Topics for this course
Parts of Speech
Words are classified according to their functions in sentences. They are: 1) Noun, 2) Pronoun, 3) Adjective, 4) Determiner, 5) Verb, 6) Adverb, 7) Prepo- sition, 8) Conjunction and 9) Interjection
Determiners and Articles
The sentence structure defines the position of the words (all parts of speech) in the sentences.
Basic Sentence Structure
Structural Elements / Parts of Sentence Structure
The basic sentence structure is discussed above. Various elements of sentence structures are explained below.
A phrase is a group of words without verb but with some meaning.Any phrase will be functionally similar to a noun, adjective or adverb and called noun phrase, adjective phrase and adverb phrase respectively. For example, if a phrase functions like a noun, it is called a noun phrase and so on.
Types of Phrases
Phrasal Verbs, Idioms, Proverbs and Quotations
Functional Sentence Types
Sentences can be classified according to their functions.
Types Of Sentences
Direct Speech and Indirect (Reported) Speech
Direct Speech and Indirect Speech are two different ways of writing/telling to others at a later point of time what somebody has told earlier.
Direct Speech and Indirect Speech
Punctuation is a set of symbols used to mark the different parts of sentences like the beginning of a sentence, end of a sentence, order of words, etc. and also to change the stress/rhythm of reading the sentences. Common punctuation marks/symbols include comma (,), period (full stop) (.), apostrophe (`), quotation mark (" "), question mark (?), exclamation mark (!), bracket (), dash (--), hyphen (-), ellipsis (…), colon (:) and semicolon (;). For example, the period (.) is used for terminating the declarative sentences, question mark (?) for interrogative sentences and exclamation mark (!) for exclamatory sentences as illustrated in the above examples of functional sentence types.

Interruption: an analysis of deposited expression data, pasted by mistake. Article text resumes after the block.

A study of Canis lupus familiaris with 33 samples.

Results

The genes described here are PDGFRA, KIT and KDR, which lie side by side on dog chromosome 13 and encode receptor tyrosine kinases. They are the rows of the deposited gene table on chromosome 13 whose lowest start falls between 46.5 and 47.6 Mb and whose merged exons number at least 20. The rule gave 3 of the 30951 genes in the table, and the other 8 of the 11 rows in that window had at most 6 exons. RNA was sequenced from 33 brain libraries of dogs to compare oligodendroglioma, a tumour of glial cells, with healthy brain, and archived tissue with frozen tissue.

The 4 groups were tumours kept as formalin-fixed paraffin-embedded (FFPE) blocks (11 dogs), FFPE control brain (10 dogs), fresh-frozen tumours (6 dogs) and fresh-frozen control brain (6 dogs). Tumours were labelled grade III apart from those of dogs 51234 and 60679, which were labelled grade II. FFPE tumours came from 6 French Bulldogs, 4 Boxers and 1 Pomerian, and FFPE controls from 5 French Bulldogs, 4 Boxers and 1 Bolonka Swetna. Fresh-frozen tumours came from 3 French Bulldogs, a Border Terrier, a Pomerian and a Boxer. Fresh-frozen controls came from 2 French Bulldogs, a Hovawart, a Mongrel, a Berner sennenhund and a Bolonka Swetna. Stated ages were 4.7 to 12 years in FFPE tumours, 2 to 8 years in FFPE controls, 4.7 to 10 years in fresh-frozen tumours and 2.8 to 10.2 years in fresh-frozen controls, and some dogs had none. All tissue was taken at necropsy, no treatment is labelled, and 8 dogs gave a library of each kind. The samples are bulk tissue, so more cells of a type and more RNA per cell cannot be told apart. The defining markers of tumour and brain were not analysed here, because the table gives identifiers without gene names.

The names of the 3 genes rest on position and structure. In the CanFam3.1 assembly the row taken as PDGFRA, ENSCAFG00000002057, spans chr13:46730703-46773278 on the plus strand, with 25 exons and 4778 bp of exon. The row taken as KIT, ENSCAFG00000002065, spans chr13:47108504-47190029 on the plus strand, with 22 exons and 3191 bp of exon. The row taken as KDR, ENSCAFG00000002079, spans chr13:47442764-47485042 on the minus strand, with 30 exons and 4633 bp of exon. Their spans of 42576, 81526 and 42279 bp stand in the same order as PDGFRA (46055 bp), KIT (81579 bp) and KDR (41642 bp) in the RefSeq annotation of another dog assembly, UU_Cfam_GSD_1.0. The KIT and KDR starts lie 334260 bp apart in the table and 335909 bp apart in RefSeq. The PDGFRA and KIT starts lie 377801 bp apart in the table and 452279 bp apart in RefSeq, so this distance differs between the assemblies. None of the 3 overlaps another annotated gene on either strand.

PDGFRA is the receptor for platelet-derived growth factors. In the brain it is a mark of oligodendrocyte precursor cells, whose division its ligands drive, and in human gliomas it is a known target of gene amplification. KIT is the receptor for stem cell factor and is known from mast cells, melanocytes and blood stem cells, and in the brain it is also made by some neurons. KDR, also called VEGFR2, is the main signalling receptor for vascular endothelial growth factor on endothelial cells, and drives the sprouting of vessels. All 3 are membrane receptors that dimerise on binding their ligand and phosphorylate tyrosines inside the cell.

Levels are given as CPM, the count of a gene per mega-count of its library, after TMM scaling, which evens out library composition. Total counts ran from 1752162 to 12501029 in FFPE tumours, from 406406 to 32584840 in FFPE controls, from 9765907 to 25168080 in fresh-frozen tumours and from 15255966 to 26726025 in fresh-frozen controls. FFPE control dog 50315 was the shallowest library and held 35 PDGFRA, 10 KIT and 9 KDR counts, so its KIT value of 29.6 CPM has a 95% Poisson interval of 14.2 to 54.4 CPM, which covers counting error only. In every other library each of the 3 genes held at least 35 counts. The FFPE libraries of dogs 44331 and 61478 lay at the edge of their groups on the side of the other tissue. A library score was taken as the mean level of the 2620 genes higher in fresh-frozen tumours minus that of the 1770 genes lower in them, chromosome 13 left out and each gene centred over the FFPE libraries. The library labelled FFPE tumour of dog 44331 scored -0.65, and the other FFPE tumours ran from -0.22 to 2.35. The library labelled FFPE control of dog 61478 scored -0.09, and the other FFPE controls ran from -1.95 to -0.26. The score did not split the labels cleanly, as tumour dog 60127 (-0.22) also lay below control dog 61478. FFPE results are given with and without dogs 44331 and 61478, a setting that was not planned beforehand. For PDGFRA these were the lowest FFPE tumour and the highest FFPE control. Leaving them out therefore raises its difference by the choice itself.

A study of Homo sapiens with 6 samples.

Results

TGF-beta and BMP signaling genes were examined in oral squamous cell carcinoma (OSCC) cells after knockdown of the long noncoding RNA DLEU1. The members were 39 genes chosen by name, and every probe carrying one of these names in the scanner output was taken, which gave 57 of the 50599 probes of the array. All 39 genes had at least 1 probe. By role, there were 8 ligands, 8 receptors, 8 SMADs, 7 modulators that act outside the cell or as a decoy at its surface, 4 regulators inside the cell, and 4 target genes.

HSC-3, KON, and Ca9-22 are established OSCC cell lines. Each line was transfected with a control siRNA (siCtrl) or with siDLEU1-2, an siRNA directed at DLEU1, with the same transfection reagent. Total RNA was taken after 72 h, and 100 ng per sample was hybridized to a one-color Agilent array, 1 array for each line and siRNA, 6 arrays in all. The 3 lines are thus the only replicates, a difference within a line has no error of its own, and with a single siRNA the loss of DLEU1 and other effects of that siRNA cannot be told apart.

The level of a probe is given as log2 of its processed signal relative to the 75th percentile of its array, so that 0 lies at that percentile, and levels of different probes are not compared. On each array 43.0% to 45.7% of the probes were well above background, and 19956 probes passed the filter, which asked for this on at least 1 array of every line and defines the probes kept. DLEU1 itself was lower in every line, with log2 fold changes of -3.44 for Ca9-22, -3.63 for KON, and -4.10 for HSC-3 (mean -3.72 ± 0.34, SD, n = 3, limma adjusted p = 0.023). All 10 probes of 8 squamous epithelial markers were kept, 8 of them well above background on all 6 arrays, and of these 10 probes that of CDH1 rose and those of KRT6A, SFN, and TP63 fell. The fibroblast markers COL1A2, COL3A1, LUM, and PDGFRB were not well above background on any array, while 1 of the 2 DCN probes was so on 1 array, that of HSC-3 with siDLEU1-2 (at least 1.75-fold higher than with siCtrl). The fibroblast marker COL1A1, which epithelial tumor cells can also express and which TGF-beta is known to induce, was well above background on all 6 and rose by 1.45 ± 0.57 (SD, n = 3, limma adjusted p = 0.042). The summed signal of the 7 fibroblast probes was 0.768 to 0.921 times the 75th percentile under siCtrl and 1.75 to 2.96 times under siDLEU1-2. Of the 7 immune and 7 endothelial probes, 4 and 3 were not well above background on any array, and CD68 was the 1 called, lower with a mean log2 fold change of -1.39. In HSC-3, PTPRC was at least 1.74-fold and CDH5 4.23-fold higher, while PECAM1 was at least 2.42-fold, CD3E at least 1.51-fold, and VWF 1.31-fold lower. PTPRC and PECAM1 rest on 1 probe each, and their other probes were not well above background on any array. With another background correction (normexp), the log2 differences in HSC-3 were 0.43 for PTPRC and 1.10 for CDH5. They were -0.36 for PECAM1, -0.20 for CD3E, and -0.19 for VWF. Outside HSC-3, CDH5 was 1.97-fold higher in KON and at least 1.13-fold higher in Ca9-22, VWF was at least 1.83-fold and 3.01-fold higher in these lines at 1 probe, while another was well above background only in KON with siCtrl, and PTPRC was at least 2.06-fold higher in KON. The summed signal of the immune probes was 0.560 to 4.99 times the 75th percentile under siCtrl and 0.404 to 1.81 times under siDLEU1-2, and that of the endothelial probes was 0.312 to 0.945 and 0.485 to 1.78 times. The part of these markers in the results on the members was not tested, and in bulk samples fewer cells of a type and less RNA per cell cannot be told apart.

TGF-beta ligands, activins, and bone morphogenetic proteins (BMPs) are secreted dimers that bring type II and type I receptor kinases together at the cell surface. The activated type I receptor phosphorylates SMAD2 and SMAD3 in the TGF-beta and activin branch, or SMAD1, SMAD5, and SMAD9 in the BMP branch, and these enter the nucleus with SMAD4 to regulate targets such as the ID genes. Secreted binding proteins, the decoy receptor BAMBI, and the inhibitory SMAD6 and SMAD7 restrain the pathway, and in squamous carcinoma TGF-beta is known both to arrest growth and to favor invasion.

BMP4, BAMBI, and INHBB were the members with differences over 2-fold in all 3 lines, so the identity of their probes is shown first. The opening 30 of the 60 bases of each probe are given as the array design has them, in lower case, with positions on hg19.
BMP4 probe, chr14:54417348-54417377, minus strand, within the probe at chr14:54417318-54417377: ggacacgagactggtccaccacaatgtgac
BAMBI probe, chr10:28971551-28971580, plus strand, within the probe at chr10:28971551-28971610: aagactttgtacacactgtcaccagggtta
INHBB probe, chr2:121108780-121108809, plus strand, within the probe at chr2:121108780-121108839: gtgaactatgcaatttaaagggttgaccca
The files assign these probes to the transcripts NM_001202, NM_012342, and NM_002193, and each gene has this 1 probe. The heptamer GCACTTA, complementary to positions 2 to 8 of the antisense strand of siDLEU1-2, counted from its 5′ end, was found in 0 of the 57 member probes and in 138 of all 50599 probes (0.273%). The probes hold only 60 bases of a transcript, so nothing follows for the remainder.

Compound Words and Collocations
When two or more words are combined together to form a single word, it is called a compound word. For example, 'news- paper' is a compound noun formed by combining the words 'news' and 'paper'. The compound words can be any parts of speech. If two or more words are combined with hyphens to form adjectives specifically, they are called compound adjectives as in 'a thickly-populated city'. Similarly, compound adverbs are also formed by combining words with hyphen as in 'You can pay your loan interest- free now.' Collocation: If two or more words tend to always occur or belong together, it is called a collocation. For example, we always say 'beautiful girl' and 'handsome boy' but not 'beautiful boy' or 'handsome girl' though they also would mean the same thing and are grammatically correct.
Other Word Groups/Type
We have learned that words are classified into dif- ferent parts of speech, namely noun, pronoun, verb, etc. according to the similarity in their function in sentences. Words can be classified into other groups also based on some other similarities like their position, meaning, properties, etc. Such groups of words include prefixes, suffixes, synonyms, antonyms, hyponym, hyper- nym, holonym, meronym, homonym, homograph, homophone, anagram, alpha- gram and palindrome. For example, 'inter' is a prefix because it is added to another word at the begin- ning to change the meaning of the original word as in 'interschool' which means 'between/among schools'. Similarly, 'ess' is a suffix, added at the end of another word, to form nouns of females as in 'poetess and lioness'. Synonyms are the words with same/similar meanings like 'box, case, chest, container, crate, pack, package, packet and trunk' while antonyms are words with opposite meanings like 'pass, success and triumph' to 'failure'.